Bluebird bio has officially opened a facility in Durham, North Carolina, to make the lentiviral vector needed for its investigational gene and cell treatments, including the CAR T-cell therapies bb2121 and bb21217 for relapsed or refractory multiple myeloma.
Some 50 researchers, engineers and others are employed at the 125,000-square-foot facility. Roughly 20 more employees are expected to be added by year’s end.
“At bluebird bio, we view every aspect of our path to helping patients as both a privilege and a responsibility,” bluebird bio CEO Nick Leschly said in a press release. “This includes the expertise that we’ve poured into the construction and operation of our manufacturing facility, because it is a crucial step toward our mission of bringing a new generation of treatments to people living with severe genetic diseases and cancer.”
He said the company plans to advance four gene therapies in the next few years.
“North Carolina is proud to bring bluebird bio’s cutting-edge work to Durham,” Gov. Roy Cooper said. “bluebird is developing treatments for devastating diseases that could change the course of medicine. And, with the [Durham area’s] highly skilled workforce, it will continue to be a leader in the biotech field.’
Near completion, the $80 million facility, which includes warehouse and quality control labs, is expected to produce clinical and commercial lentiviral vectors, an essential part of the company’s gene and cell treatments. In the future, bluebird also could manufacture commercial agents there.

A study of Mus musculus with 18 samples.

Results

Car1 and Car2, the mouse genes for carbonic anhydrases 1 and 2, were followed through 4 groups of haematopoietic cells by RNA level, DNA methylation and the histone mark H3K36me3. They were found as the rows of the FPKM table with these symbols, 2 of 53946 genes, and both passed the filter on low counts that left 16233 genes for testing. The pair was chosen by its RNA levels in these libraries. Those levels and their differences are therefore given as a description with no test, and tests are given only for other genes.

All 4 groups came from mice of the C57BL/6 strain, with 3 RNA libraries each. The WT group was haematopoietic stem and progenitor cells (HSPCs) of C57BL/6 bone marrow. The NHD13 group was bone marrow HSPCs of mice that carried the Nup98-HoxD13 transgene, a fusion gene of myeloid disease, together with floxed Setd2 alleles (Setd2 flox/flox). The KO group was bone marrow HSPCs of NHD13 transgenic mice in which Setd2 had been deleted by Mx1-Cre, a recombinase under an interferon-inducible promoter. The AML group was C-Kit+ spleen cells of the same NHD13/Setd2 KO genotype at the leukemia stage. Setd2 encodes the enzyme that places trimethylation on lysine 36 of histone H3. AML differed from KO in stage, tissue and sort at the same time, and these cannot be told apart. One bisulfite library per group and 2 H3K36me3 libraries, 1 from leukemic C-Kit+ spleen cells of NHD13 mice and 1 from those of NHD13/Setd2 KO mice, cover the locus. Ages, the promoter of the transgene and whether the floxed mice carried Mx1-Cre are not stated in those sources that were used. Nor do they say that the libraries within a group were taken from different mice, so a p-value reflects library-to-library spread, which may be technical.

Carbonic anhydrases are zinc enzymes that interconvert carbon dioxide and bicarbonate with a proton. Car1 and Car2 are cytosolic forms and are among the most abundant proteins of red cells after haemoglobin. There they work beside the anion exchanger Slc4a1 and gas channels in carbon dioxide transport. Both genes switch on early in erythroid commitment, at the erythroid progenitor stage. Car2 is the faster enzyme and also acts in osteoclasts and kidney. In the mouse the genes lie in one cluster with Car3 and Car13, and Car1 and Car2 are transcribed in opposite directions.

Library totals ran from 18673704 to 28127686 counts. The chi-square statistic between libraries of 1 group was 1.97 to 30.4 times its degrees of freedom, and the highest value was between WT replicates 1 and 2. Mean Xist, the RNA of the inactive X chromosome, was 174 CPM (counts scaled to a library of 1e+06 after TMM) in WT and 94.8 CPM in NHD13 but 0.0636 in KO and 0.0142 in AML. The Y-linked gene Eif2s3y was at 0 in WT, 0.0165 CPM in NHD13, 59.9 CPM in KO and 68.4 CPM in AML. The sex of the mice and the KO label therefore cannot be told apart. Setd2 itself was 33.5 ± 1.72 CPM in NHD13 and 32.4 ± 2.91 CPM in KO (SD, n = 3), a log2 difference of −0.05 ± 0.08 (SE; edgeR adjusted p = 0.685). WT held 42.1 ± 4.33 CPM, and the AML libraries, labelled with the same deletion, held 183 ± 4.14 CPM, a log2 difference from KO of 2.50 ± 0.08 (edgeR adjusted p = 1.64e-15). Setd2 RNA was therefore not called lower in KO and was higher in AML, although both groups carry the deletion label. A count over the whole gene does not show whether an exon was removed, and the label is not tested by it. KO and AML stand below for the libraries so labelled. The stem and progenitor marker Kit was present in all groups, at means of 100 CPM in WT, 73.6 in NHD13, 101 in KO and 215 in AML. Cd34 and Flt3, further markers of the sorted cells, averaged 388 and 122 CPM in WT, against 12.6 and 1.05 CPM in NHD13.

In partnership with Celgene, bluebird bio is conducting a Phase 1 dose-escalation and -expansion study (NCT02658929) into the safety and effectiveness of bb2121, a type of immunotherapy called a chimeric antigen receptor (CAR) T-cell therapy in adults with relapsed or refractory multiple myeloma. The clinical trial began in 2016.
An international Phase 2 trial, called KarMMA (NCT03361748), is an open-label, single-arm study aiming to measure the effectiveness and safety of bb2121 in about 150 adults with difficult-to-treat multiple myeloma.
The treatment uses patients’ T-cells — a type of immune cell — and genetically modifies them to recognize a protein called B-cell maturation antigen (BCMA), which exist on the surface of multiple myeloma cells. After injection back into the bloodstream, the T-cells are ready to destroy tumor cells producing the BCMA factor.
To create these gene-modified cells, bluebird bio uses lentivirus carrying the gene for the BCMA receptor. These viruses infect cells by inserting DNA into their host cells’ genome, being good vectors for genetic manipulations.
The treatment candidate bb21217, developed with Celgene, is similar to bb2121, but is enriched for memory T-cells — a long-lived, more potent T-cell subtype – allowing for long-lasting treatment responses.
The therapy is being tested in the two-part, open-label CRB-402 Phase 1 study (NCT03274219), which is still enrolling adults with refractory/relapsed MM at sites in the U.S. Researchers intend to determine its safety and how many patients respond to treatment.